Encountering Edges

This essay appears as the Commentary to the April 13th entry in Consuming Fire, the daily devotional version of George MacDonald's Unspoken Sermons.

Eventually we will come to the edge of everything we perceive. Relationships, health, finances, even life itself, all have edges. Edges are where thunderstorms form--turbulent places where change forces its way into being. At an edge, one state of being ends and another takes its place. It's a romance with fear, a position for great loss or great gain.

When I was about 13, I had a pony named Beckie. She was a short, fat little creature with a fun-loving nature, and we explored the hills nearby together. One evening, we’d climbed the tallest hill in the back pasture. The sun was setting. I sat with Beckie, watching the town below. The hills were gilded in purple and gold, mist was rising, and the scent of dirt was rich and exotic. It seemed we were on top of the whole world, with everything spread out below like a doll’s playground. I did not realize it, but that moment for me was an edge, a time when everything changed.

felt that the world was the most beautiful thing that could be, and that I wanted to hold it and breathe it. It was like an electric current running through me, the thrill of seeing, the wildness of belonging with such strange beauty. For the first time in my life, I wanted to know God. Not the rules or the talk from people in church, not to get out of hell or please people, but to know the person called God, whoever it was that made that thing I just saw. I became, although not consciously for many years, a lover of the creator that evening.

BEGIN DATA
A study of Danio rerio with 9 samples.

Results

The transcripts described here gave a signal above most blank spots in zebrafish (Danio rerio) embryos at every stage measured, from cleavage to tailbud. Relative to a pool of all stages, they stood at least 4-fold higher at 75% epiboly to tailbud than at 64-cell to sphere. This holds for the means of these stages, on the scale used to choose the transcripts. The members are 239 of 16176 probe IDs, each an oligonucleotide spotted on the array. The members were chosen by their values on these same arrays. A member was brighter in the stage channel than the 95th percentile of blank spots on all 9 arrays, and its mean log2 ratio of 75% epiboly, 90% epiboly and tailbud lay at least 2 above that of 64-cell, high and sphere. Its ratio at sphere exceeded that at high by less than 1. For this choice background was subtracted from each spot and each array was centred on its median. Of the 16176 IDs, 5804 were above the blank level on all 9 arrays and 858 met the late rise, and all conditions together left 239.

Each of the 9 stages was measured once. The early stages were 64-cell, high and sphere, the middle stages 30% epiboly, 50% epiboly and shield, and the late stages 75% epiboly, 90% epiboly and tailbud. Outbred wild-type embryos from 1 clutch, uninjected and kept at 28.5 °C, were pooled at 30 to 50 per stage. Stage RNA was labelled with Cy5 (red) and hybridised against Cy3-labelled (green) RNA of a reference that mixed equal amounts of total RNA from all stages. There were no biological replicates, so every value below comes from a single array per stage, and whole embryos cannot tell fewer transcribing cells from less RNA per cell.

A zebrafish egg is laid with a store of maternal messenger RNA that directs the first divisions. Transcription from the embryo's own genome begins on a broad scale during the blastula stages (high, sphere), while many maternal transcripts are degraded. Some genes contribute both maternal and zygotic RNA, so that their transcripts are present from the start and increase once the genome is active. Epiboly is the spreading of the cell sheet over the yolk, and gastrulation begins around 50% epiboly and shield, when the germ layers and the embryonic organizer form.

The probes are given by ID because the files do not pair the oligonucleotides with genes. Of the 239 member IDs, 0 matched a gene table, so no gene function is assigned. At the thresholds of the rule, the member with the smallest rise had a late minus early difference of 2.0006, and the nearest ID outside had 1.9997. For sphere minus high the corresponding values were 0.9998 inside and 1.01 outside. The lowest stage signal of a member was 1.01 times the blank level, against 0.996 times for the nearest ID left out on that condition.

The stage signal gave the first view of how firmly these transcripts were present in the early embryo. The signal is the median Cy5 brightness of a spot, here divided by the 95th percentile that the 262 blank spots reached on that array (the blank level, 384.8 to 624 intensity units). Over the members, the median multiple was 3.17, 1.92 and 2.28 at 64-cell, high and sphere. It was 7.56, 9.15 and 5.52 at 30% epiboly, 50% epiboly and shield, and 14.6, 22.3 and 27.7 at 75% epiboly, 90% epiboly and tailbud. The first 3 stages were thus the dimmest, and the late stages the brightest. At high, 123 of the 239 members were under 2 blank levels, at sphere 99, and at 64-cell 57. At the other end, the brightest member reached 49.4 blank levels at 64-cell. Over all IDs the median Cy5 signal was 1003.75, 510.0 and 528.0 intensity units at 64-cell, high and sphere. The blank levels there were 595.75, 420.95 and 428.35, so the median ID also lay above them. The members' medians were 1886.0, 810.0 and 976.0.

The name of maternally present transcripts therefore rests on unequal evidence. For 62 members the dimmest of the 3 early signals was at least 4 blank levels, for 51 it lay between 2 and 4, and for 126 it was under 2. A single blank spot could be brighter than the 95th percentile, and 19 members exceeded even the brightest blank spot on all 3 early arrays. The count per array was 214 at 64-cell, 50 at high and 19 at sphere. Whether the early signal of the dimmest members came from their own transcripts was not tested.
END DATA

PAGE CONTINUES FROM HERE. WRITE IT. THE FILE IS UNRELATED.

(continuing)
When we come to the edge, whether it’s the edge of our own ability to understand, the limit of our reason, the beginning or end of a relationship. or the edge of the world as we knew it, the maker is waiting there. The only way we can move beyond what we have, become more than we are, is to believe that he is more. He is more than the pieces in our hands. He is more than a relationship; he is the source of all relationships. He is more than our reason; he is the foundation of reason. He is more than a sunset-glowing hillside or a pony because these things are simply facets of the diamond that is the mind of God.

To give up everything for God is possible only in so far as we believe he truly is everything. Nothing will be lost, because everything abides forever in the source. When times of change and decision come, we must look outside of what we see here, up to the one who holds it all in his hand. It is not a loss, simply a shift in perspective. Missionary and martyr for the faith Jim Elliot once said, “He is no fool who gives up what he cannot keep, to gain that which he can never lose.” In this truth we can encounter the edges in life and find a way to see and endure that draws us closer to everything that matters, even while losing the actual things themselves.